Looking ahead

California has taken steps to strengthen and expand coverage even beyond what the federal law requires. For many Democratic lawmakers, this is a source of pride and another example of how California leads the nation. But there is a limit to the state’s power and resources. 

“If the Supreme Court were to invalidate the Affordable Care Act, and Congress did not act to step in and put something in place to fix it, California cannot solve the gaping shortage of finances,” Peter Lee, director of Covered California, said in November.

His agency spent about $140 million in advertising a new enrollment period. Recently, Covered California announced that it will keep the sign up window open for the remainder of the year.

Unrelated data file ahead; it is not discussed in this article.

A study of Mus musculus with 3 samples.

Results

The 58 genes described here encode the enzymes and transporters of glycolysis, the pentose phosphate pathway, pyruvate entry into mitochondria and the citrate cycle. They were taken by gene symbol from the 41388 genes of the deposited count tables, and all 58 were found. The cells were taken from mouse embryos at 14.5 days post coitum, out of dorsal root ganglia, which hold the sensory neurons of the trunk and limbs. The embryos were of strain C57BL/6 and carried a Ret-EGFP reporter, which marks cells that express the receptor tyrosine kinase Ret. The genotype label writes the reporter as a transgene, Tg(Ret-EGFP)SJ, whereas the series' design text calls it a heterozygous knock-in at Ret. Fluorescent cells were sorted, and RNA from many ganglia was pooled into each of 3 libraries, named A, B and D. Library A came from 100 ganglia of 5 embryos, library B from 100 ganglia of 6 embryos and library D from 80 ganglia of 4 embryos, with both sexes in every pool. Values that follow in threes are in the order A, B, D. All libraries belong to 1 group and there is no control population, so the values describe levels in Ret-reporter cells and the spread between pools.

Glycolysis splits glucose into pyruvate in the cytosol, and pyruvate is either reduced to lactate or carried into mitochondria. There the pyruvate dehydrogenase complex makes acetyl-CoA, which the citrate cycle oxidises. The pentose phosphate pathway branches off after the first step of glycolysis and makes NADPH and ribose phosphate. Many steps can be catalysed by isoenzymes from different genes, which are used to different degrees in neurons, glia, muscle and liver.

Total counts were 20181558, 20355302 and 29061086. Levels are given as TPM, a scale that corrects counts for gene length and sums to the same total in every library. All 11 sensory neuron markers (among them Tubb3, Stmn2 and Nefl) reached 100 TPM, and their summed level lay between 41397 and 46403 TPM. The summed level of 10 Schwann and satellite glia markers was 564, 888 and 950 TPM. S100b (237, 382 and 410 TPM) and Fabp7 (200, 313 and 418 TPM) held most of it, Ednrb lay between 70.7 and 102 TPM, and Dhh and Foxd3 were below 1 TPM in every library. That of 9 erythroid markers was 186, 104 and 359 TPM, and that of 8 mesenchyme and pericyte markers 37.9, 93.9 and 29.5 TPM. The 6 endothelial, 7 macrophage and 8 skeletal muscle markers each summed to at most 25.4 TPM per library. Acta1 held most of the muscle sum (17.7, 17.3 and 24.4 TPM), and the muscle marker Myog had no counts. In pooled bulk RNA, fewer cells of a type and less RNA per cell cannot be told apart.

California is also looking to expand coverage in general. While the governor and the legislature are in the middle of negotiating a final budget, both have proposed opening the state’s Medi-Cal program to thousands more people through expansions and eliminating some eligibility restrictions.  

Experts expect President Joe Biden to expand on what’s already in place. 

As part of Biden’s American Rescue Plan, the federal government enhanced the financial aid available to people who buy health insurance off the marketplaces — $3 billion in new subsidies for Californians.  Covered California estimates about 2.5 million people in the state could benefit from the expanded aid, including about 810,000 uninsured people. The new financial help is good for two years.